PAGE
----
The Business Times

Where will the new oil be found to meet demand?

The data will determine whether an oversupplied market will continue to depress oil prices into the future.

Published Wed, Feb 25, 2015 · 09:50 PM

IN 2008, Canadian economist Jeff Rubin stunned the oil market with a bold prediction: With the world economy growing at 5 per cent a year, oil demand would grow with it, outpacing supply, thus lifting the oil price from US$147 to over US$200 a barrel.

The former chief economist at CIBC World Markets was so convinced of his thesis, he wrote a book about it. Why the World is About to Get a Whole Lot Smaller forecast a sea change in the global economy, all driven by unsustainably high oil prices, where domestic manufacturing is reinvigorated at the expense of seaborne trade and people's choices become driven by the ever-increasing prices of fossil fuels.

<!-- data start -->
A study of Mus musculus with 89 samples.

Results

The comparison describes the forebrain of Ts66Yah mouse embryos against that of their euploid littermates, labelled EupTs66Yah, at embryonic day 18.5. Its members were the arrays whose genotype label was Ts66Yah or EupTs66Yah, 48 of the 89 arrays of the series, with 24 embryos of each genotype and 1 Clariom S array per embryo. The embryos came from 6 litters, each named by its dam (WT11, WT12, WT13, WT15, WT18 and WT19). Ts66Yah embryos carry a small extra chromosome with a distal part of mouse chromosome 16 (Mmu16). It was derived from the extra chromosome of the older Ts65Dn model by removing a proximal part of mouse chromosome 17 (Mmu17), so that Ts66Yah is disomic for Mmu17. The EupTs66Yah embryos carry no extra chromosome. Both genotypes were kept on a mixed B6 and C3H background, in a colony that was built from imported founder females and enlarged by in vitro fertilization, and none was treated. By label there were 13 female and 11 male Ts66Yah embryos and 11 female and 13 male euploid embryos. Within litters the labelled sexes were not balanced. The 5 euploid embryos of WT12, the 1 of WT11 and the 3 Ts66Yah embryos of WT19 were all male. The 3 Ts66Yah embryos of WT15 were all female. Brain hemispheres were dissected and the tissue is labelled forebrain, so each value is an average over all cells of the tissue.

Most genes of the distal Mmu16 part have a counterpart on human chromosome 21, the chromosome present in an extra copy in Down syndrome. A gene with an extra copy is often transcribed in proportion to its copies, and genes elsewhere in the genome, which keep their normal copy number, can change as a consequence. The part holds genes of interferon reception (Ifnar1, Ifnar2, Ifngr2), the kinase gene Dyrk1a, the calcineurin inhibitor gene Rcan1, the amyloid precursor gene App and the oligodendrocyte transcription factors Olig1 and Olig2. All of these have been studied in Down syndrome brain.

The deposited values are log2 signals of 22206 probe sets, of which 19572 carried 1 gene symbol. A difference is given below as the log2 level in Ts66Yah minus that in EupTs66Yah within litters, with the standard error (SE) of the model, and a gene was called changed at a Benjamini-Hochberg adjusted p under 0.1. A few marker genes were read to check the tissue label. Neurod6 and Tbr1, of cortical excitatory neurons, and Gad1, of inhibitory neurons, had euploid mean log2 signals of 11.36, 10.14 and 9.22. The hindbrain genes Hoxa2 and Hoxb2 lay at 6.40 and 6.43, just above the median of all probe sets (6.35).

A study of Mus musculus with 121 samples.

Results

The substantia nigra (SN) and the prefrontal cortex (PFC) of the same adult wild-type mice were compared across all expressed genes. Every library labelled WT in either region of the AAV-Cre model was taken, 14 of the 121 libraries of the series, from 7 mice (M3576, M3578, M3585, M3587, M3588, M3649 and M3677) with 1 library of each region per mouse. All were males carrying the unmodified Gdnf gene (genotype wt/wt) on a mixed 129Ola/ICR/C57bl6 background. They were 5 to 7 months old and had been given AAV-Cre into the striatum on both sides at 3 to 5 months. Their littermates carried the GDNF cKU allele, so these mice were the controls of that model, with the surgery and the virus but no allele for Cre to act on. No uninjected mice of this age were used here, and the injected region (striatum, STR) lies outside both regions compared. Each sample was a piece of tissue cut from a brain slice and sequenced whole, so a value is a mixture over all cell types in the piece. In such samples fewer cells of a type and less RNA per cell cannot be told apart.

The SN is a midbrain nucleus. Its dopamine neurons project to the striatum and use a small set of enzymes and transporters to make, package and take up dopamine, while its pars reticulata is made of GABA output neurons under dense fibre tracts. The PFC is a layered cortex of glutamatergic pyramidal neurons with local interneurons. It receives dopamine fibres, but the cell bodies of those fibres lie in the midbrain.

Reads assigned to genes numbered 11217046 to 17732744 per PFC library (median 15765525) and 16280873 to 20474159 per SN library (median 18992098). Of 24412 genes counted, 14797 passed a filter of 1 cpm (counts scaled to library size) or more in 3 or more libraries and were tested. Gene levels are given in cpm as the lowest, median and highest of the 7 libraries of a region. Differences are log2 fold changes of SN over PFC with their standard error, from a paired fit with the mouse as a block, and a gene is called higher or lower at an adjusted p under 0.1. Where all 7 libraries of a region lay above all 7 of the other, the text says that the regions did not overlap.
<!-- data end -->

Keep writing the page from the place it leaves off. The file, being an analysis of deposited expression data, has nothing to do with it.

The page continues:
In the book, Mr Rubin dedicates an entire chapter to the changing oil supply picture, with his main argument being that oil companies "have their hands between the cushions" looking for new oil, since all the easily recoverable oil is either gone or continues to be depleted - at the rate of around 6.7 per cent a year (IEA figures). "Even if the depletion rate stops rising, we must find nearly 20 million barrels a day of new production over the next five years simply to keep global production at its current level," Mr Rubin wrote, adding that the new oil will match the same level of consumption in 2015 as five years earlier in 2010. In other words, new oil supplies can't keep up with demand.